1. Canada
2. Russia*
3. United States
4. Japan
5. China
6. Italy
7. France
8. Germany
9. Israel
10. South Korea
Alternate: Australia

Spain would have made it in ninth place had it enough skaters qualified in individual Olympic events to participate in the team event. But it did not qualify any women or pairs teams for Pyeongchang.

Russia’s status is unknown given the IOC’s sanctions against its National Olympic Committee.

“The IOC is currently preparing all operational details relating to the participation of the Olympic Athletes of Russia (OAR) which will be communicated as soon as available,” the ISU said earlier Saturday.

An IOC panel will at some point invite selected Russian athletes to compete at the Olympics. At least one man, one woman, one pair and one ice dance couple must be invited for the Olympic Athletes from Russia team to be eligible for the team event.

Russia easily won the first Olympic team event in Sochi, with Canada taking silver and the U.S. bronze, both comfortably as well.

Russia and Canada could have a tight battle for gold in Pyeongchang given Canada has improved in the women’s event with the reigning world silver and bronze medalists.

Canada’s key could be the performance of Sochi silver medalist Patrick Chan.

The three-time world champ has been the only reliable Canadian man for several years but struggled in his opening Grand Prix event this season in October, then withdrew from his only other scheduled competition before next month’s nationals.

Meanwhile, Russia’s men’s program improved greatly this year, putting two men in the exclusive six-man Grand Prix Final.

If Russia outscores Canada in the men’s portion of the team program, that might be enough for a second straight Olympic title.

The U.S. is in a similar position to four years ago — clear bronze-medal favorite — thanks to Nathan Chen and ice dance depth.

The U.S. will have to use the same pairs team in both team event programs because it only qualified one entry for the Olympic pairs event. It can sub out skaters in two of the other three team event disciplines between the short and long programs.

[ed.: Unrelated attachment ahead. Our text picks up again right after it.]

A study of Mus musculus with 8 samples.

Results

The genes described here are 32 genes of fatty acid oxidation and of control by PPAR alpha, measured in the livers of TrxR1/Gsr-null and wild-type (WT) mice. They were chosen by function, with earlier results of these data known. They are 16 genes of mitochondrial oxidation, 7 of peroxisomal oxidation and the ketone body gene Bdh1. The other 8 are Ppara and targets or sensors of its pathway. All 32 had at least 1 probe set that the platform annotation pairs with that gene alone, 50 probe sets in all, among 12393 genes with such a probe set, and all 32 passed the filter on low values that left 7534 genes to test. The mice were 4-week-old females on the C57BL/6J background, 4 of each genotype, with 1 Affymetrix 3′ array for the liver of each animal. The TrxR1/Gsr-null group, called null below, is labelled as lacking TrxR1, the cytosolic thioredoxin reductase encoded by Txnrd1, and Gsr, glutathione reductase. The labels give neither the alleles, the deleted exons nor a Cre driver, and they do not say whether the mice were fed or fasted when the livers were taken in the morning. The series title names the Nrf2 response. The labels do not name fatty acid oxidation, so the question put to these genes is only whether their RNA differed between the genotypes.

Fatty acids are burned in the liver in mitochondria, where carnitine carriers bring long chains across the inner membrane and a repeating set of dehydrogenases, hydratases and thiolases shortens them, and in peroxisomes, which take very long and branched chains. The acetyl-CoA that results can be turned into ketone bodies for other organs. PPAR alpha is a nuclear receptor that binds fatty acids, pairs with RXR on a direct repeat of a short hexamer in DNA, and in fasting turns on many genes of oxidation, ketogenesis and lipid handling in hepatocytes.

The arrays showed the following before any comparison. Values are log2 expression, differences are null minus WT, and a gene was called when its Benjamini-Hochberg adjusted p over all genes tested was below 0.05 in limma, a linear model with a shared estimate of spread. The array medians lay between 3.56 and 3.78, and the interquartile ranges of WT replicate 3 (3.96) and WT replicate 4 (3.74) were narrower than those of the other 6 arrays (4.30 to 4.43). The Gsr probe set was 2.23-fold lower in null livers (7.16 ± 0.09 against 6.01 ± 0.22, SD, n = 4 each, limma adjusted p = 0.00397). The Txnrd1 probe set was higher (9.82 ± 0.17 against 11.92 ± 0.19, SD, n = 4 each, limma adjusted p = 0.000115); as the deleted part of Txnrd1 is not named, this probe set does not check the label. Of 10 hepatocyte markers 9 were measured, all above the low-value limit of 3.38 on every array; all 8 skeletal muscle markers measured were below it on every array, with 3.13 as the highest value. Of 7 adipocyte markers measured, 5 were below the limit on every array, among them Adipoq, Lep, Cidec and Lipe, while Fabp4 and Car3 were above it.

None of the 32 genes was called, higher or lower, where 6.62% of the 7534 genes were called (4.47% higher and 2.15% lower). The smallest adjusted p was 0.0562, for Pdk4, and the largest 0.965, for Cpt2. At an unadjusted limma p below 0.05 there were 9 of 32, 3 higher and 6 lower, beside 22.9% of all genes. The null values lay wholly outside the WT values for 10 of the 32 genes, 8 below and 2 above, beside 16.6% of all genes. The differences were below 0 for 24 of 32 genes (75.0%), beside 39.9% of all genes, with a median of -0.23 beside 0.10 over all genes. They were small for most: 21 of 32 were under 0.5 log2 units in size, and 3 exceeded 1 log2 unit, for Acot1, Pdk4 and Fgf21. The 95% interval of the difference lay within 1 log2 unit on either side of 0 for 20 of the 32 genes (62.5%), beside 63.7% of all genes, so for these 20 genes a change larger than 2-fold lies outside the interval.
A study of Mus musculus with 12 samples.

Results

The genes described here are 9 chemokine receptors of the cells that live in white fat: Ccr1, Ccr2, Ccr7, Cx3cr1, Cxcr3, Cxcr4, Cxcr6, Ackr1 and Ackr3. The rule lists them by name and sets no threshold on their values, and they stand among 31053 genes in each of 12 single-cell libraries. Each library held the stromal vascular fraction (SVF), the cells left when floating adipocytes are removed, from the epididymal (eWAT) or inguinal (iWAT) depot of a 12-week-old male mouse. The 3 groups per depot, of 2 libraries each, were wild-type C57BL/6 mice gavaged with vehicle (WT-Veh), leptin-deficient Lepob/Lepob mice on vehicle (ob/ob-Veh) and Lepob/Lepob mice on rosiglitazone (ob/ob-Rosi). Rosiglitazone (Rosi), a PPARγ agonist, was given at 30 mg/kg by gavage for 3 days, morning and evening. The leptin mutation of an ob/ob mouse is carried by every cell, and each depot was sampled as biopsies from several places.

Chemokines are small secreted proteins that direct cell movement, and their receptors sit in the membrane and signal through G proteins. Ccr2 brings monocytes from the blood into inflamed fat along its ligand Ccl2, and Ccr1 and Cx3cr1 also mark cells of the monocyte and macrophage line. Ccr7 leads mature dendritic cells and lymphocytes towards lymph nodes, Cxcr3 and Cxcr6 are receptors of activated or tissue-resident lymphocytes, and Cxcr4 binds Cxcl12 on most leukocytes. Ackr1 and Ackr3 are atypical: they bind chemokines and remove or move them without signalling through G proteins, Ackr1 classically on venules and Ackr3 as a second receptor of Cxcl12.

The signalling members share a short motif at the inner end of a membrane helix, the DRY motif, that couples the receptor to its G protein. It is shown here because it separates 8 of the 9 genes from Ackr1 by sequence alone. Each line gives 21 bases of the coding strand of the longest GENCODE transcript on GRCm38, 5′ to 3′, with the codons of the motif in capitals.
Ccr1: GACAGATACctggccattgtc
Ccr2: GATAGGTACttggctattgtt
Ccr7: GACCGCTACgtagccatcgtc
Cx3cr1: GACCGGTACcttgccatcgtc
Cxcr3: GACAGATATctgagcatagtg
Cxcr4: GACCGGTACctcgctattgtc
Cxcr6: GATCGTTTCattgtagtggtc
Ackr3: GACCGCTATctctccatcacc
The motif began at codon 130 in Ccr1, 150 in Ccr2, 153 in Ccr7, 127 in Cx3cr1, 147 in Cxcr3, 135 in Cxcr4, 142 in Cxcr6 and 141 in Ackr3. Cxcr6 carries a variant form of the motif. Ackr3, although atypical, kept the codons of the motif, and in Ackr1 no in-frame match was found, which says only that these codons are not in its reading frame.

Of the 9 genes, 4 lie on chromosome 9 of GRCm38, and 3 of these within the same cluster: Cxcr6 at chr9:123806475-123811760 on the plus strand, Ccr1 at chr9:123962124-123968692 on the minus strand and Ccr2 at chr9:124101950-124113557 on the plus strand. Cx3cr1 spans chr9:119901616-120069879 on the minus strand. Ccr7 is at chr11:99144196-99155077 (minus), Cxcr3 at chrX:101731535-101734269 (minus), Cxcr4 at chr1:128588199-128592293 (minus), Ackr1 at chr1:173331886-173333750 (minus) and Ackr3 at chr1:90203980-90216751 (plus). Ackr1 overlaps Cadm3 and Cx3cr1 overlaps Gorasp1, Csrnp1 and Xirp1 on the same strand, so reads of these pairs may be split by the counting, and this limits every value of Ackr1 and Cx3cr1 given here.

The top eight nations from the 2014 Olympic team event all qualified for Pyeongchang, where the team event will again begin the day before the Opening Ceremony.

The top five out of 10 nations after the short programs advance to the free skates.



In PyeongChang, she can become the oldest female Alpine medalist in Olympic history.

Vonn prevailed by .92 of a second over Liechtenstein’s Tina Weirather on Saturday, moving seven shy of Ingemar Stenmark‘s record of 86 World Cup victories.

“My focus right now is just so much on Olympics that I haven’t really thought about [the record] that much this season,” Vonn said. “After the Olympics, that will be my No. 1 priority again, and I’ll try to just rack up as many wins before I retire as possible.”

American Jackie Wiles was third to become the fifth U.S. female Alpine skier to qualify for PyeongChang, joining Vonn and Mikaela Shiffrin, among others. (full U.S. Olympic roster here)

Shiffrin was seventh in Saturday’s race in her least comfortable discipline.

Full results are here.

Vonn, 33, broke Austrian Elisabeth Goergl‘s record as the oldest woman to win a World Cup downhill. Goergl is still the oldest winner for any World Cup race, taking a super-G in 2014 at nearly 34 years old.

Vonn, already an Olympic medal favorite in downhill and super-G, won her first downhill since Jan. 21, 2017.

She had raced eight downhills in between with four podium finishes, including taking second to Italian Sofia Goggia on Friday in Cortina. Goggia failed to finish Saturday.

The World Cup continues with a super-G in Cortina on Sunday (5:30 a.m. ET, Olympic Channel: Home of Team USA, NBCSports.com/live and the NBC Sports app).

“Mentally, I feel like it’s the first podium I ever got,” Vonn said. “Back in 2004, I feel the same. I have the same motivation, the same drive, the same excitement. I love going fast. That’s never changed. The only thing that’s changed is my body is not as good as it once was, but that doesn’t mean that I can’t still win.

“I’ll keep going until my poor little knee gives out.”



The IOC on Saturday approved the Koreas’ agreement to field a unified women’s hockey team and to march together in the Opening Ceremony behind the Korean Unification flag.

Twelve North Koreans have been added to the South Korean women’s hockey team. The other North Korean athletes will compete in figure skating, Alpine skiing, cross-country skiing and short track speed skating.

Full details are here.

“Today marks a milestone on a long journey,” IOC president Thomas Bach said. “Since 2014, the IOC has addressed the special situation of having the Olympic Winter Games 2018 on the Korean Peninsula. Until today, we met separately with the parties on a bilateral basis to address an often fast-changing political situation in a comprehensive way. Today is therefore a great day because the Olympic Spirit has brought all sides together. This was not an easy journey.”

At the Opening Ceremony on Feb. 9, one North Korean and one South Korean will carry the flag in the Parade of Nations. The Koreas previously marched together at the Opening Ceremonies in 2000, 2004 and 2006.

The hockey team will compete as “Korea,” under the unification flag and using the song “Arirang” as its anthem. North Koreans will compete under their own flag in all other sports.

North Korea did not qualify any spots for the Olympics, but the IOC had power to offer special invitations.

“Such an agreement would have seemed impossible only a few weeks ago,” Bach said. “The Olympic Winter Games PyeongChang 2018 are hopefully opening the door to a brighter future on the Korean peninsula.”

The 22 North Korean athletes mark more North Koreans at a Winter Olympics than the last six Winter Games combined.

North Korea had zero athletes in 2014 and two in 2010.